The New Zealand dollar rose against the US dollar after acting Reserve Bank governor Grant Spencer said the central bank is adopting a more flexible approach to inflation targeting as it grapples with persistently low inflation.
The kiwi traded at 68.95 US cents as at 5pm versus 68.43 US cents as at 8am in Wellington from 68.59 cents late yesterday. The trade-weighted index was at 72.62 from 72.38 yesterday.
He said the bank's flexible inflation targeting approach is becoming more flexible and relatively more weight is being attached to "output, employment, and financial stability."
While he painted different scenarios where both rate cuts and rate hikes might be necessary, he said the central bank is now "assuming greater persistence in low global inflation" and that is contributing to its current flat interest rate track.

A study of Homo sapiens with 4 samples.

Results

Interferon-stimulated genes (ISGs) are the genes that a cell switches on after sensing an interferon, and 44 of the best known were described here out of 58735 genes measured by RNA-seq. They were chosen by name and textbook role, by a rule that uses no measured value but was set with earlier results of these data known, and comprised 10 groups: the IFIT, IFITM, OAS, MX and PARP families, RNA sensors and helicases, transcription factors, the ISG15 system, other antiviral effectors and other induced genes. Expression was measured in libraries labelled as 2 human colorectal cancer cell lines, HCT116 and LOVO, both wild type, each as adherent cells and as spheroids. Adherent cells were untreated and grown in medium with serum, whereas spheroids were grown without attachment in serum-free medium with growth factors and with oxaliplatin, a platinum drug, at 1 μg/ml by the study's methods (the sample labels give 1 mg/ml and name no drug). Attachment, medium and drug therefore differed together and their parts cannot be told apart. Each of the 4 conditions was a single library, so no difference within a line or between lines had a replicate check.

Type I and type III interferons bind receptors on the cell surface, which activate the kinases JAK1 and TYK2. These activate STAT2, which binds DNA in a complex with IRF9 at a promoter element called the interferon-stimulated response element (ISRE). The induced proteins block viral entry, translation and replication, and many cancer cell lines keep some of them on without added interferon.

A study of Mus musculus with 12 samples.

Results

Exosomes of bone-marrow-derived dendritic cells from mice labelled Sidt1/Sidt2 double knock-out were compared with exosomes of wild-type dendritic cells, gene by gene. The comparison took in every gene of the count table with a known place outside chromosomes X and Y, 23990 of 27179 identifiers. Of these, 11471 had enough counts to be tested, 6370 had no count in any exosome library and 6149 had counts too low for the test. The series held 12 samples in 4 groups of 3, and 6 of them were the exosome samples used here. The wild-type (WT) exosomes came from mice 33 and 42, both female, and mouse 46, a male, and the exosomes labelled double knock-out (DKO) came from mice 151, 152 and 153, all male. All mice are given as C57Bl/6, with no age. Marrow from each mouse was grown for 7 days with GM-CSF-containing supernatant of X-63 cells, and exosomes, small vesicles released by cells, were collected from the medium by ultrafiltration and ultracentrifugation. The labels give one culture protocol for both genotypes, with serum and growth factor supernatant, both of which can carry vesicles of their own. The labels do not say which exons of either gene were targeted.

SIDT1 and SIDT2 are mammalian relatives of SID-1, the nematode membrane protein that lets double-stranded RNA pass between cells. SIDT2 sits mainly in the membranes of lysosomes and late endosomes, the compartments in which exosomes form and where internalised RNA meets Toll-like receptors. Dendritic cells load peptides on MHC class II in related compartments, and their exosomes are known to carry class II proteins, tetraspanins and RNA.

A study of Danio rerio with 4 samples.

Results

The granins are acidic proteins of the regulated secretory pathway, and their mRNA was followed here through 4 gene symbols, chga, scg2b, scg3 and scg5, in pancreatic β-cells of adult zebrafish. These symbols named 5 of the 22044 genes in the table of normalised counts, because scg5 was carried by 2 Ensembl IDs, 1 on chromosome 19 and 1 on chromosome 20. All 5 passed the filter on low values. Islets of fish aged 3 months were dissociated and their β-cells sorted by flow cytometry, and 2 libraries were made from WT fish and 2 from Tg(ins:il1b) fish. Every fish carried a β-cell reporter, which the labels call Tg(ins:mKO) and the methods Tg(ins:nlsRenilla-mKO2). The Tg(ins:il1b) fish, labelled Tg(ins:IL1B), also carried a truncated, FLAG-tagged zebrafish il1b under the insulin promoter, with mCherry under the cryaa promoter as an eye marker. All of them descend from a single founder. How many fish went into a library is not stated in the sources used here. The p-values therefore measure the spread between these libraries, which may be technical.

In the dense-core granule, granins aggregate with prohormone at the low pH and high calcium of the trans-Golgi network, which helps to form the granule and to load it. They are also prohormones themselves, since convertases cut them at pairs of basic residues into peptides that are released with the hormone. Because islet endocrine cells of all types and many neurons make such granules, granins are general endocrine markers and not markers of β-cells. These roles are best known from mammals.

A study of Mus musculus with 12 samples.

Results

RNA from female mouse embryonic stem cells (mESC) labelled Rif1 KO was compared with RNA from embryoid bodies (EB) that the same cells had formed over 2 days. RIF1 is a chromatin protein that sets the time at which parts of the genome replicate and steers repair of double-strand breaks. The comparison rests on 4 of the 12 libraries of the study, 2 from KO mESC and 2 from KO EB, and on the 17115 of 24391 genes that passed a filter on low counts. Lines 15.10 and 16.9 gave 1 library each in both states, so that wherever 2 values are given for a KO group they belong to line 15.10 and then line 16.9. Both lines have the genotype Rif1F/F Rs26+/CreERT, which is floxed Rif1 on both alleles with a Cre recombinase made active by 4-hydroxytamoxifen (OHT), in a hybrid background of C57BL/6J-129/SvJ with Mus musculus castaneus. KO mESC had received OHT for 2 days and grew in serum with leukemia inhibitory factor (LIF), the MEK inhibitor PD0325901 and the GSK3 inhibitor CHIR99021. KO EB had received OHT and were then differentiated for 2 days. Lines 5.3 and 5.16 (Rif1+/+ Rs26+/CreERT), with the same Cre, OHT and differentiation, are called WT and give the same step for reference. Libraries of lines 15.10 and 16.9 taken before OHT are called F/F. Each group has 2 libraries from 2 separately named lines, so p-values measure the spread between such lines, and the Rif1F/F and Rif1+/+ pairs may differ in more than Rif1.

The central bank's latest forecast show it doesn't expect to raise rates until mid-2019 at the earliest.
Tim Kelleher, head of institutional foreign exchange sales at ASB Bank, said all the speech did was highlight the bank is "trying to be flexible."
Westpac Bank senior economist Satish Ranchhod said the speech did confirm an "on hold" bias from the RBNZ.
"Even with inflation lingering below 2 per cent, they are not in a rush to cut rates and are aware of the longer-term risks for activity if they did cut. That could also have added to the upside pressure on NZD," he said.
Looking ahead, Kelleher said the kiwi could test 69.50 US cents or 70.00 cents and the GlobalDairyTrade auction overnight tonight could help as prices are expected to rise on the back of an increased threat of drought in New Zealand.
The kiwi held steady against the Australian dollar, trading at 90.21 Australian cents from 90.18 cents yesterday after the Reserve Bank of Australia kept its cash rate target at a record low of 1.5 per cent.
The New Zealand dollar was at 51.19 British pence from 50.90 pence yesterday and at 58.05 euro cents from 57.78 cents. It was at 77.56 yen from 77.31 yen and rose to 4.5579 yuan from 4.5352 yuan.
New Zealand's two-year swap rate rose 2 basis points to 2.15 while the 10-year swap rate rose 3 basis points to 3.11 per cent.